Evol Ecol Res 13: 361-372 (2011) Full PDF if your library subscribes.
Multiple links between species diversity and temporal stability in bird communities across North America
Gregory M. Mikkelson1, Brian J. McGill2, Sebastien Beaulieu3, and Patrick L. Beukema4
1McGill School of Environment, McGill University, Montreal, Quebec, Canada, 2Department of Biology, McGill University, Montreal, Quebec, Canada, 3Department of Electrical Engineering, McGill University, Montreal, Quebec, Canada and 4Department of Philosophy, McGill University, Montreal, Quebec, Canada
Correspondence: G.M. Mikkelson, McGill School of Environment, McGill University, 3534 University Street, Montreal, Quebec H3A 2A7, Canada.
Background: In experimental systems, the temporal stability of entire ecological communities usually increases with the number of species (called ‘species richness’). In contrast, ecology has not discovered the pattern of stability with the complement of richness, which is evenness of species abundances. The job has been more difficult because many measures of species diversity combine richness with evenness.
Questions: Does the correlation of richness with stability occur in natural systems? What is the relationship of evenness to stability? Does diversity increase or decrease the stability of individual species populations? What mechanisms explain the relationships, if any, between diversity and stability?
Data: The 1966–2009 results of 1676 North American Breeding Bird (BBS) survey routes across the USA and Canada. Altogether, 617 bird species were registered with an average of 105 species observed per route. Climate variables were taken from the US National Oceanic and Atmospheric Administration, and Climate Services Canada databases.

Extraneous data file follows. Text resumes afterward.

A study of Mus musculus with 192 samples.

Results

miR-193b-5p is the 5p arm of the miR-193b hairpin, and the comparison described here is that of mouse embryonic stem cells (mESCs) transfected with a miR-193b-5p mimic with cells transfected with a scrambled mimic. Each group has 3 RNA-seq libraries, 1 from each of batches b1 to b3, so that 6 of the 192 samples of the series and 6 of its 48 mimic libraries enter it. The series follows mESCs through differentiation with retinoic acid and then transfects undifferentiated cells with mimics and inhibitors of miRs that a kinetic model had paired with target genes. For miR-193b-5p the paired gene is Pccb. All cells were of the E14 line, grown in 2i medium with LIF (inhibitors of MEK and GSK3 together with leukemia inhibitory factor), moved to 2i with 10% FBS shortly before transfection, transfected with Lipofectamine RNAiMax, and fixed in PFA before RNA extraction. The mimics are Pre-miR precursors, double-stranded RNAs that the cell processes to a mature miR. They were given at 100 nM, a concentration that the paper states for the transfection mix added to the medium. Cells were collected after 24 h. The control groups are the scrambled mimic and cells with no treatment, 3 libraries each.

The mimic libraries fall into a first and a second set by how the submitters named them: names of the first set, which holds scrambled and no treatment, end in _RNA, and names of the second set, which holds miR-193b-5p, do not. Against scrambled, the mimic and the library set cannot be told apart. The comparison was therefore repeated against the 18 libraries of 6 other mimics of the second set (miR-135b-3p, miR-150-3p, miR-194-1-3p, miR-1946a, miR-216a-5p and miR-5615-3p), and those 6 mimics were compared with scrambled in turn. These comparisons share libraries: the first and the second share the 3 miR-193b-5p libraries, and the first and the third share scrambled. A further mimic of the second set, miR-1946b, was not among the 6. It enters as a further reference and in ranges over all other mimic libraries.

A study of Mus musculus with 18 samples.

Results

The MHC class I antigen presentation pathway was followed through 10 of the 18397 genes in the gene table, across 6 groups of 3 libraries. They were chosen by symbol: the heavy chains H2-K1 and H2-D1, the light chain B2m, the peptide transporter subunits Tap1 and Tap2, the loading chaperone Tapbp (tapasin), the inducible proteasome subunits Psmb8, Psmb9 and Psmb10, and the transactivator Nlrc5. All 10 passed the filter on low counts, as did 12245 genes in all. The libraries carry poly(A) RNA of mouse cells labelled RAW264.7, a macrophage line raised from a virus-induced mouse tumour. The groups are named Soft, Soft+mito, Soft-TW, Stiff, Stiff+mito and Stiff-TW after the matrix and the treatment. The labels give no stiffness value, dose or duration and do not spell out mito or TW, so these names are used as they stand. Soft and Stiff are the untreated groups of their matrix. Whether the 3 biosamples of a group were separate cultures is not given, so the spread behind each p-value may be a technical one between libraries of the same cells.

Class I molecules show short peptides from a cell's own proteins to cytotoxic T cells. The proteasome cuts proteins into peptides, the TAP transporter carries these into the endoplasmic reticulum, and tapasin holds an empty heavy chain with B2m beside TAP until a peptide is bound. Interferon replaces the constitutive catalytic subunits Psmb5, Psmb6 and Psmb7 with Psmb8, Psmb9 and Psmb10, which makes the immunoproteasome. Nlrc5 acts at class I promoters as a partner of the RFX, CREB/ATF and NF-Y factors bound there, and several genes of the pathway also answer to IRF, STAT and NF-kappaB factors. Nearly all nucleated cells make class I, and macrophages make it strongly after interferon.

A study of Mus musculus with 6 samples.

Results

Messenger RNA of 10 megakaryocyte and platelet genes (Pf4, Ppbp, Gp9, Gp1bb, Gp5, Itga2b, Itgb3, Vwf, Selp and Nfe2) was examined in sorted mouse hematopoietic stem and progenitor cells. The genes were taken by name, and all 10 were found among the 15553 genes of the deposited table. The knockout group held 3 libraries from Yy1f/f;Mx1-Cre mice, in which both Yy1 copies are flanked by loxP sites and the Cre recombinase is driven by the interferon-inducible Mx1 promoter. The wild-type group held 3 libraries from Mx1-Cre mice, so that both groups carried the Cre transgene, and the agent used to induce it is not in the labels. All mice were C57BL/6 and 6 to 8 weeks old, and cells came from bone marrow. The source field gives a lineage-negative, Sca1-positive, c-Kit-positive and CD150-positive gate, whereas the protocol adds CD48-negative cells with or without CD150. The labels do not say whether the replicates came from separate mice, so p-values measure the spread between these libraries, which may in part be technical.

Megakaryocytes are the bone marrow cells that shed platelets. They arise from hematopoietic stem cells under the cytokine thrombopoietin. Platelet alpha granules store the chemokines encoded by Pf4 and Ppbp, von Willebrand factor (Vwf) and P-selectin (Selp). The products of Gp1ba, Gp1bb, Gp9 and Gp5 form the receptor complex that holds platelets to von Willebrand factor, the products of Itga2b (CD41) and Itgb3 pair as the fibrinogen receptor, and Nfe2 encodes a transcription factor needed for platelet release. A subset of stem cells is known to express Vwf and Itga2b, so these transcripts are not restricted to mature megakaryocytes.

Analytical methods: Disentangle richness from evenness and study their separate effects on stability. Perform statistical analysis of biological variables developed from the BBS data. Control for biological and climatic influences.
Results: Both the number of bird species and the evenness of their distributions positively affect the stability of entire bird communities. But richness and evenness do so through a contrasting set of mechanisms. Also, richness and evenness both positively affect the stability of individual populations. The link between evenness and mean population stability can be partly, but not completely, explained in terms of a previously established relationship between the mean and variance of abundance known as Taylor’s Law.
Keywords: biodiversity, community stability, covariance effect, diminishing returns, over-yielding, population stability, portfolio effect, species evenness, species interactions, species richness, Taylor’s Law, temporal stability.